The Mediterranean diet has caught on in recent years, with celebrities and regular folks alike taking a cue from the Greek Isles when it comes to their food choices. Greek food, like the food in almost all nations on the Mediterranean Sea, is well-balanced and offers a number of health benefits. Head to Krasi in Boston for Greek cuisine!
However, even if you know a bit about Mediterranean fare – like the fact that the diet is heavy in olive oil and fresh seafood – there are still some things that may surprise you about visiting the Med (at least in your mind at mealtime!) Here, we’ll discover five fun facts about Greek cuisine.
Olive Oil Reigns Supreme
As noted above, olive oil plays a key role in Mediterranean food – Greek food, in particular. Greeks take great pride in the fact that their ancestors were, in all likelihood, the first people to plant olive trees in the Mediterranean region, including France, Italy, and Spain. Greek cooking utilizes olive oil in just about everything, adding rich flavor to every meal!
Heavy on the Veggies
Greek people, on the whole, eat very little meat and a lot of vegetables. When Greek dishes do include meat, it is typically lamb or seafood, though some dishes also involve rabbit. These meat choices are due to the fact that cattle are historically difficult to raise in the Grecian landscape.
Vegetables, however, can be found in droves and many Greek dishes are heavy on olives, tomatoes, and more.
Food is Part of the Greek Lifestyle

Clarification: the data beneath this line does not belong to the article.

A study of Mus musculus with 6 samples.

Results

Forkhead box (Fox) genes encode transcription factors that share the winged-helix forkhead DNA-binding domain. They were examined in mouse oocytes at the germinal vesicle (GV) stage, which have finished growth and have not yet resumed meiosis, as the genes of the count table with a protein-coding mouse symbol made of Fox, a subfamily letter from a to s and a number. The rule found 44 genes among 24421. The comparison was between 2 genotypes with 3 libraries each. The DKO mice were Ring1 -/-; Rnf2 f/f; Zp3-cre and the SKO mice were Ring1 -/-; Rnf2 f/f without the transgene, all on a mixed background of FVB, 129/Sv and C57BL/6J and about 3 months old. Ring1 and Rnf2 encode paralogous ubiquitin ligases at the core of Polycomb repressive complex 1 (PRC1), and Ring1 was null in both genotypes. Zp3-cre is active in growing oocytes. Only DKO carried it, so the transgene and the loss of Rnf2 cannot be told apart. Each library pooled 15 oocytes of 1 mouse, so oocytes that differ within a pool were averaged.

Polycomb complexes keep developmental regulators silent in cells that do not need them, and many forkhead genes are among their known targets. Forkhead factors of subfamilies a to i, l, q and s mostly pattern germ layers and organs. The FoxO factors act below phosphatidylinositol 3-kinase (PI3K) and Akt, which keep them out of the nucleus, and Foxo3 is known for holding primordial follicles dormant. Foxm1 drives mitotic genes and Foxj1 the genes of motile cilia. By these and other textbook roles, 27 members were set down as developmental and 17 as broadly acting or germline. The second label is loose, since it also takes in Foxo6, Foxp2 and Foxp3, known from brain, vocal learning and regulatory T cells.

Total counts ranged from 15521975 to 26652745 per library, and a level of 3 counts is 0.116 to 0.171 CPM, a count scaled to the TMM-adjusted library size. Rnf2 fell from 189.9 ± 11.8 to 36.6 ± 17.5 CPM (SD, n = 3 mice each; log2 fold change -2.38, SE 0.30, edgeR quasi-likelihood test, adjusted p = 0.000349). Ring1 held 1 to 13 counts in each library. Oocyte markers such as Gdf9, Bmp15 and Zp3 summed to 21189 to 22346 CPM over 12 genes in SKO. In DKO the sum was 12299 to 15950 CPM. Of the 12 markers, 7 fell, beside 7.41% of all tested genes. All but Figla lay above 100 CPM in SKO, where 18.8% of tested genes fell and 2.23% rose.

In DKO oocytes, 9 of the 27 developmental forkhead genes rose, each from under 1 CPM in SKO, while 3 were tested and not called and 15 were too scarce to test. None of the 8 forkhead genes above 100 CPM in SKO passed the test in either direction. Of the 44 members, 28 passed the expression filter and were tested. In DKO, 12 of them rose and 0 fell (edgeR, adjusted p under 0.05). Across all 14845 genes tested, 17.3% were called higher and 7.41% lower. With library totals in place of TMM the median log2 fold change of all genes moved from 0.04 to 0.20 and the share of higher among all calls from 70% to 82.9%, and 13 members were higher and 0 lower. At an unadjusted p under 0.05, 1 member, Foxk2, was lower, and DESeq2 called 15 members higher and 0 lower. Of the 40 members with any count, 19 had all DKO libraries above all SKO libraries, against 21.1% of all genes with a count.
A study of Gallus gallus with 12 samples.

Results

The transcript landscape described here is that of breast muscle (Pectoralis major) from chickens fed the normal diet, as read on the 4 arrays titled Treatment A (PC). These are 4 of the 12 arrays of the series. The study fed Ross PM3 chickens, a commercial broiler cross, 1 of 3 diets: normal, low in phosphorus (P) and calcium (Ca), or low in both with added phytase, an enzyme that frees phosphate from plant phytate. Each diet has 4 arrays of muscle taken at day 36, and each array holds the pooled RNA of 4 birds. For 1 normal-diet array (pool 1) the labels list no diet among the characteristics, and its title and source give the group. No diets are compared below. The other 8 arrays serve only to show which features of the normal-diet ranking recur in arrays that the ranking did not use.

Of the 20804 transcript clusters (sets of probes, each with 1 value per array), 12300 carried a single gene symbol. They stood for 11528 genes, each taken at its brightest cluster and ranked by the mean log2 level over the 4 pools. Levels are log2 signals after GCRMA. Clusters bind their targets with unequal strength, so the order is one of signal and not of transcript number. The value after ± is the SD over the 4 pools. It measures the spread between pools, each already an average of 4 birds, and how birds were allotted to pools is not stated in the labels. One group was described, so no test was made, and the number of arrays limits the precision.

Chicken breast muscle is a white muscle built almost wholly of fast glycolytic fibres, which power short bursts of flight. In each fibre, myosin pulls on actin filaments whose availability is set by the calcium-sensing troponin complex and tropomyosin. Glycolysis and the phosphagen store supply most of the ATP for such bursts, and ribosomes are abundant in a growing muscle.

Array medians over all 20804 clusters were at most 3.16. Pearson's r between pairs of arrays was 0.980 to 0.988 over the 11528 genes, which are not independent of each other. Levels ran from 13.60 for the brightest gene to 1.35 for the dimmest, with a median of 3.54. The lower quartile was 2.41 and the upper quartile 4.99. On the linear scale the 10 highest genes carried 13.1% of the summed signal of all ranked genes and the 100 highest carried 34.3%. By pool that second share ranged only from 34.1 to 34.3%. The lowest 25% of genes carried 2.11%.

While modern American culture often encourages eating on the go, the Mediterranean lifestyle is more laid back – and families still truly take time to savor their meals. Generally, Greeks eat their primary meal around 2 p.m., with dinner occurring around 9 p.m. or later! This is a lifestyle choice shared with other European nations, particularly Spain, which is famous the world over for its traditional post-lunch siesta.
Many travelers who visit Greece don’t realize that Greek cuisine has a heavy Turkish influence. Since much of Greece was part of the Ottoman Empire for over three centuries – into the 19th century, in fact – a number of staple dishes, such as stuffed grape leaves and tzatziki, were originally developed in Turkey.
While modern Greeks typically throw flowers to celebrate, rather than smashing their dishes, the symbolism of smashing plates is said to have started in ancient times. While nobody knows precisely how this custom started, it is widely believed that it either had to do with keeping evil spirits away or to commemorate the dead who could not be physically present for a feast.
Visit Krasi Today
Next time you’re craving amazing Greek food, join us! We can’t wait to serve you and your loved ones, and help you make wonderful memories around the table that you will cherish for years to come.